John Kasich seems to know the rap against him: He's cranky, unfocused, and impulsive. But ahead of the scrutiny of a possible presidential run, the Republican governor of Ohio is testing out a new disciplined persona.
"Everything you say now is under a microscope so I've got to think more like a scientist," he said Friday in an interview with Bloomberg Politics' Mark Halperin from Mitt Romney's E2 Summit in Utah.
That meant parrying when asked if he felt that he was competing with other candidates and hopefuls at the event, including Wisconsin Governor Scott Walker, who has cast himself as a proven conservative election-winner.
"The minute I say something about him, then it’s like I’m going after him," Kasich said. Later, he asked: "How am I doing on this discipline?"
"I’ve got a lot of energy and I need to know how to dose it out," he added, saying he'd learned that after a brief presidential run in 2000.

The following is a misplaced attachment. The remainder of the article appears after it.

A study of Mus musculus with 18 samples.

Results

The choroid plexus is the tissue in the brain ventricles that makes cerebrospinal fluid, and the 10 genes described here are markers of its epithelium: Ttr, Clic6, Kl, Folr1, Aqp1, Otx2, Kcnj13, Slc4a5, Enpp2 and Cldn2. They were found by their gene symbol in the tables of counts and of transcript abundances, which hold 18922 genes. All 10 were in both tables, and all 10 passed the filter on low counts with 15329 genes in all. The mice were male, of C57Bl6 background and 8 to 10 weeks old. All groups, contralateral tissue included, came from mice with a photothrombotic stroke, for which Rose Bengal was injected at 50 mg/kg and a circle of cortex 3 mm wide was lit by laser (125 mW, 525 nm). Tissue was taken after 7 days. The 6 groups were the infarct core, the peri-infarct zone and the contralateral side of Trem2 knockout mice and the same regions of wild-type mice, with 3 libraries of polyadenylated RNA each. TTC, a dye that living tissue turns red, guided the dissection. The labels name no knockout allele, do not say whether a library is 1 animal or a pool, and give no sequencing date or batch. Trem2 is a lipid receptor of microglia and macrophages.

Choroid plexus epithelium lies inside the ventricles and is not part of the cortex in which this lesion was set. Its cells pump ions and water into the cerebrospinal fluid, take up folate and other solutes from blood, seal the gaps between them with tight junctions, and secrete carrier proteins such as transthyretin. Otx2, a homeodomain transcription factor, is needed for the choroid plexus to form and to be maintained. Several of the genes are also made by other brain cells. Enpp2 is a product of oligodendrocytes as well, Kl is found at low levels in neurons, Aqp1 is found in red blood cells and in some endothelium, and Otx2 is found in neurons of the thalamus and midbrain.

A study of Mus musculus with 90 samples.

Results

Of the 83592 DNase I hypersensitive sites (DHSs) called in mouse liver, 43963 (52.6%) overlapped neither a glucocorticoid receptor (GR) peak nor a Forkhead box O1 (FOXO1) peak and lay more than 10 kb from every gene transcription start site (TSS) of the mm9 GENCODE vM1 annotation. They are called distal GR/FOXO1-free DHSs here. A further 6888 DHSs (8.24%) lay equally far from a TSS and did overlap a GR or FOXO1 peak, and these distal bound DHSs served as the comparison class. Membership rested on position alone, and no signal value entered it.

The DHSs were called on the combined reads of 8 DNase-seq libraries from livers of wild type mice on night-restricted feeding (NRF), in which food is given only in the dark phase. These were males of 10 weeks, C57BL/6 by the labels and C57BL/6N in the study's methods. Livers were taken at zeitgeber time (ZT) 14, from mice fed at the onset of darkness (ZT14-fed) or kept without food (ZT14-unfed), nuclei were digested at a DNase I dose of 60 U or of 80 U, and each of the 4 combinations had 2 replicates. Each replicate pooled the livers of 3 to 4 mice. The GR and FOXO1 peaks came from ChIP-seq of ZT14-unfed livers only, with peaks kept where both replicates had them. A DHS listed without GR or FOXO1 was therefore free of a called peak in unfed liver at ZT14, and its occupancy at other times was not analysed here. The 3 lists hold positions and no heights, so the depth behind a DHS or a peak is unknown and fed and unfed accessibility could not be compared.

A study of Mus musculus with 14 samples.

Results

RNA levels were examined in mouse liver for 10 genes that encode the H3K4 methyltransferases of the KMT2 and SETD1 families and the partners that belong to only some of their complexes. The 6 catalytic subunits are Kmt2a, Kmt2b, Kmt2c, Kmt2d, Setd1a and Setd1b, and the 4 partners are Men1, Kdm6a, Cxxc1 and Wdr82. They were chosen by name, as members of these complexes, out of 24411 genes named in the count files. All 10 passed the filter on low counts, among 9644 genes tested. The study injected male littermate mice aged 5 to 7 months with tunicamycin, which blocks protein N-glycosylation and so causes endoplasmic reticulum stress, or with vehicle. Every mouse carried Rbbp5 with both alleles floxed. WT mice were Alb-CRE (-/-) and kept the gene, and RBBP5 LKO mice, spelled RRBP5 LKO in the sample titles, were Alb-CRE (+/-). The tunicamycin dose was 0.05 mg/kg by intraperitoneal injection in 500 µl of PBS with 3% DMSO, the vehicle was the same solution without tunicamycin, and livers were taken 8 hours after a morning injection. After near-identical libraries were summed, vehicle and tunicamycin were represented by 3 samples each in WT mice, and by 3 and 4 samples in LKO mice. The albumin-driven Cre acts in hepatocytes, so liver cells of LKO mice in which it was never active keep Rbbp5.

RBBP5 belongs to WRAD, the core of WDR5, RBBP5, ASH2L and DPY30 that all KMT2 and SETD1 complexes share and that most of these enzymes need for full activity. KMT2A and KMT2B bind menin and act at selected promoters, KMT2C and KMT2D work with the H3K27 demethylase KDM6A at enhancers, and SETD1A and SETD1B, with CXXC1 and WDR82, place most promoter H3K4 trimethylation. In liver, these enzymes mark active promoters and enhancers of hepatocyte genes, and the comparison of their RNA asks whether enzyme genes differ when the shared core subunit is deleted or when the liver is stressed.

He likewise held back on policy prescriptions, saying a military commander would have to say how many troops the U.S. should send to combat ISIS as part of a coalition, not him.
On taxes, though, he was firmer. "The most important thing to do" for growth, he said, is not reform of the income tax code for individuals but "to give these companies incentive to invest instead of buying back stock and keeping their profits in Europe."
And despite making moves toward a run, Kasich also nearly shrugged off the ambition.
"If I... get in, try my best, and I don’t win, you know, I would have tried my best," he said.
And he couldn't resist making a comparison to state hero LeBron James, the Cleveland Cavaliers superstar who led his team to the NBA finals.
Both Buckeye Staters "want to take it to the hole and make sure you score," Kasich said. "Very competitive. Have fun too."